I recently asked TPK newsletter subscribers for help in compiling a list of resources for calligraphy supplies all over the world. In this blog post, you’ll find a link to that list as well as a few observations!
A couple of months ago, Hernán (the web developer behind TPK — also: my husband), had a great idea that sounded terrible to me at first. He suggested that I start sending out a newsletter every Monday. I immediately balked that people’s inboxes are too full as it is, they don’t want to hear from me that much, and aren’t newsletters a bit antiquated anyway? Nevertheless, he insisted, and I reluctantly decided to give it a try.
Now, I’m so glad that I took his advice! It’s a real pleasure to get to sit down and write a short newsletter every week … I mean, really, it’s like writing a letter to someone. In the newsletter, I generally include behind-the-scenes information about TPK, things I’m working on, and the occasional coupon code. However, my favorite part of the newsletter is getting to ask questions. A few weeks ago, I requested that readers around the world tell me about their favorite sources for calligraphy supplies so that I could create a master list.
As a result of the newsletter request, I received responses from artists/calligraphers in 23 different countries. It was fantastic to observe how many people around the world have access to supplies! Even if they’re not the exact supplies that I recommend here on TPK, many countries have formidable equivalents. You can find the list by clicking here.
I would love to keep the list updated, so my hope is that you will let me know if you have a resource to add. Similarly, I realize that stores sometimes go out of business or change their stock. If you notice that a link on the list no longer works or no longer stocks relevant supplies, please contact me!
First of all, I used to hear from a lot of Australian readers who had trouble finding supplies. Usually, Australians had to order from the US. Shipping times weren’t bad, but the cost was! However, for the past couple of years, I haven’t heard complaints from a lot of Aussies. Now, I realize that that’s because some store owners took the initiative to make sure that the Australian artist/calligrapher has access to what s/he needs! I am particularly impressed by Calligraphy Supplies Australia and Not Just a Card.
It was also great to see that a Canadian retailer, Wonder Pens, is finally stocking Brause EF66 and Nikko G nibs! For years, Canadians have had to order these nibs from US retailers, resulting in high shipping costs. Combine these nibs with Winsor & Newton matte black ink plus 32# laserjet paper from Amazon, and Canadians don’t have to order from the US anymore. Hooray!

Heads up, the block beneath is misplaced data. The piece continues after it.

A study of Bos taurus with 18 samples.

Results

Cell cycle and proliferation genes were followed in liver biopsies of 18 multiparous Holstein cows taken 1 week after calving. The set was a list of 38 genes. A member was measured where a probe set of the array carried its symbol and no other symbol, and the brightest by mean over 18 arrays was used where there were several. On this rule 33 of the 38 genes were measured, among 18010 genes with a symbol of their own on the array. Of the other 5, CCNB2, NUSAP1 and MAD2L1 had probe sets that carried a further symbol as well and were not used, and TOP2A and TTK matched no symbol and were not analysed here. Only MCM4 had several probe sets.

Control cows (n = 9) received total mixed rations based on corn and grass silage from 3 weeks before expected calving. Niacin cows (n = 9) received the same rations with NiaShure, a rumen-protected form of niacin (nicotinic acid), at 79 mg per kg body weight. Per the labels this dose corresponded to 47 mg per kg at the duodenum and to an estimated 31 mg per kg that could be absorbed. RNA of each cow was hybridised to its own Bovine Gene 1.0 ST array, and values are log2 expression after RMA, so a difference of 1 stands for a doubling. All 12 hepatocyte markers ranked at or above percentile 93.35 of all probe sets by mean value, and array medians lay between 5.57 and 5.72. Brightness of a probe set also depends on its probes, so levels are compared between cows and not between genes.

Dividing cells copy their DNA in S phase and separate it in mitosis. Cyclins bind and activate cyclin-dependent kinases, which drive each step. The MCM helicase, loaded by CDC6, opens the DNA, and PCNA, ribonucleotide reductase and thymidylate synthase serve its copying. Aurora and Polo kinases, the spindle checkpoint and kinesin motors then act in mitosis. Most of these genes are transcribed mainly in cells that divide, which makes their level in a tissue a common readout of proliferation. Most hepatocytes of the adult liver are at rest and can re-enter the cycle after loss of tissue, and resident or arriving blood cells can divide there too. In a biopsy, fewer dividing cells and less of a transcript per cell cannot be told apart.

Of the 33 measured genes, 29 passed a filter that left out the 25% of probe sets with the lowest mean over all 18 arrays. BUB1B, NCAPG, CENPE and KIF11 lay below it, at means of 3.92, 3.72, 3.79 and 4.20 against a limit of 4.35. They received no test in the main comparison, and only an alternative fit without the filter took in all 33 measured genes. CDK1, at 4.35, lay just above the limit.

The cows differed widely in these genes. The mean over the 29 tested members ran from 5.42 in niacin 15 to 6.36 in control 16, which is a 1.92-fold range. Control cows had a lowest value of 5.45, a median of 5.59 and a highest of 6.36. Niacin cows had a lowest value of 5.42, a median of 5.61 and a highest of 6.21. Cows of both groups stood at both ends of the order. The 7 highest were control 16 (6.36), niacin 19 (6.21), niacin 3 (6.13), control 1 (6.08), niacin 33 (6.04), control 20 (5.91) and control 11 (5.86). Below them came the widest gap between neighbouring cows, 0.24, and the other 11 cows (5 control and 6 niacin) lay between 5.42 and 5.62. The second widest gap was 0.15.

I was pleasantly surprised to observe that countries like Malaysia and Indonesia have copious calligraphy supply stores! You can buy just about anything you need there. Brazil also has several resources for calligraphy, which was great to see, as many Latin American countries haven’t latched on to calligraphy quite yet.
The UK and the US are the easiest places to find virtually any calligraphy supply you could possibly want. Germany is also right up there, which I suppose isn’t so strange given that many calligraphy brands are German (Finetec, Schmincke gouaches, Brause nibs).
Many readers who live in countries that don’t have access to calligraphy supplies advised that they order from either the UK or the US. People from Sweden and Norway reported ordering from Scribblers in the UK due to reasonable shipping costs and times. Artists/calligraphers in countries closer in proximity to the US, like Trinidad and Tobago, reported that they usually save up to make purchases from US-based retailers (usually Paper & Ink Arts). Ordering internationally isn’t ideal, but it’s worth it when you receive your supplies!
First of all, things work differently depending on where you live. In some countries, it’s very common to order things online. In other countries, eCommerce hasn’t really caught on. If you live in a country where eCommerce isn’t really a “thing”, the list suggests brick and mortar shops. To save yourself a trip, you might call ahead and make sure the shop has what you need before you swing by!
Secondly, I often receive questions about what the international equivalent is for the 32# laserjet paper that I recommend practicing with (and printing out worksheets on!). In the course of creating this list, I found that 32# is equivalent to 120 gsm. Most countries stock 120 gsm laserjet paper — if you can, try to buy HP Premium brand. For example, if you’re in the UK, this paper is what you’d want to purchase.
Finally, it’s okay to make substitutions. If you absolutely cannot find something that’s recommended on the TPK website, do your best to improvise! If the results aren’t ideal, you can always try something else. For example, if the ink that you purchased simply refuses to cooperate, try writing with watercolors. If you can’t find any well-known nibs in your area, just buy what you can and see what works for you. Creativity is all about flexibility, and sometimes working with limitations helps us to innovate!
Improving the List
The only way that I can improve the list of international suppliers is with your help. So, if you have some tips or information to contribute, I’d love to hear from you! You can always email me at [email protected] or use the contact page here on TPK. I also want to reiterate my thanks to those who took the time to contribute after the newsletter request. I so appreciate your time and thoughtfulness!
Again, if you’d like to subscribe to the newsletter, you can sign up by clicking here. I love the direct contact that the newsletter can facilitate, especially in endeavors like compiling this list of international suppliers, so I hope that you’ll enjoy receiving it! Thanks very much for reading TPK, and have a great rest of the week!